The thing about of Montreal is that they aren’t cool.
of Montreal’s music videos don’t show off the artsy cinematographic mirage that every other band in their “genre” is doing. They have been around since 1996, have released 22 full-length albums, and have toured around the world, and yet their recent West Palm Beach show was held on a stage so small, that the band barely all fit on it at one time.
They’ve been on the cusp of the mainstream for years — lurking behind T-Mobile commercials, stock exchange advertisements, and that really catchy Outback Steakhouse jingle. In fact, lead singer and founding member Kevin Barnes recently produced Solange Knowles’ latest album. But they never lost their novelty, they never slowed down, and their creativity was never hindered by big industry.
Putting them into a genre box would be a disservice (as it usually is for most bands) but I’m going to do it anyway: indie rock inspired by psychedelic 60s pop, this band has created something that can be best described as mystical, unexpected, multi-faceted and, honestly, just odd.
Every track is “catchy” in its own right — but not at the expense of losing depth and complexity. It doesn’t follow the formula of a general “good song.” They are an experience, but not experimental. They are able to take vintage conventions and turn them into brand new sounds. Their quirkiness doesn’t feel like a gimmick (even though, by definition, it is).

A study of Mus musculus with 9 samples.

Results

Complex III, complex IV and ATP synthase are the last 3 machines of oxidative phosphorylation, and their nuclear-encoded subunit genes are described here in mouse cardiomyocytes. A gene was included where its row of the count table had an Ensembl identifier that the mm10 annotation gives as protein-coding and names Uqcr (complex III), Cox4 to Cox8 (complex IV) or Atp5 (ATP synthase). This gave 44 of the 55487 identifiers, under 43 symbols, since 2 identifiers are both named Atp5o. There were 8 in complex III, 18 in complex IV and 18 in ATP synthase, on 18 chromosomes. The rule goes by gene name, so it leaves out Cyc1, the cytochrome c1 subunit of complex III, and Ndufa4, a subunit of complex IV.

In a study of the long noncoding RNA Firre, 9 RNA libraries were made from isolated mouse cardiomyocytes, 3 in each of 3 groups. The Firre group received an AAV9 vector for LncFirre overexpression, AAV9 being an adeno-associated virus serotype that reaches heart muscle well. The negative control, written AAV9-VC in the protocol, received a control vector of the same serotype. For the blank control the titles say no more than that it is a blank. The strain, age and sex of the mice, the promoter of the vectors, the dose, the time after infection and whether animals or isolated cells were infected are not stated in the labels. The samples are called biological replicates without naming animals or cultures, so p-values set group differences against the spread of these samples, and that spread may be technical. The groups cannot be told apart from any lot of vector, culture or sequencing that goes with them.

When we first heard of Montreal’s “The Past is a Grotesque Animal,” an 11 min and 52 second wormhole of a track, we knew that this was what music was supposed to do. If you’re able to sit still and listen to a song without doing anything else, you know that you’ve found something out of this world. While listening, you feel pulled through the vortex of time and space. It’s a whirlwind of emotional genius that doesn’t make you feel happy or sad, but somewhere in between.
It’s not made for this world and you wouldn’t want it to be.
Back in 2008 while releasing their 13th album “Skeletal Lamping,” Barnes decided that the conventional CD and vinyl were obsolete. Instead, the band released the album in 10 different formats ranging from T-shirt’s, wall decals, and tote bags, to paper lanterns. Rather than create another object with a single purpose, the band wanted to create something that was not only beautiful but functional.
And that’s the thing about C&I. We don’t just create art, we create ideas that have purpose. Because ideas with no purpose end up sitting on the shelf, forgotten.
Ultimately, of Montreal’s music has always posed the question “if you’re going to be conventional, then why make anything at all?”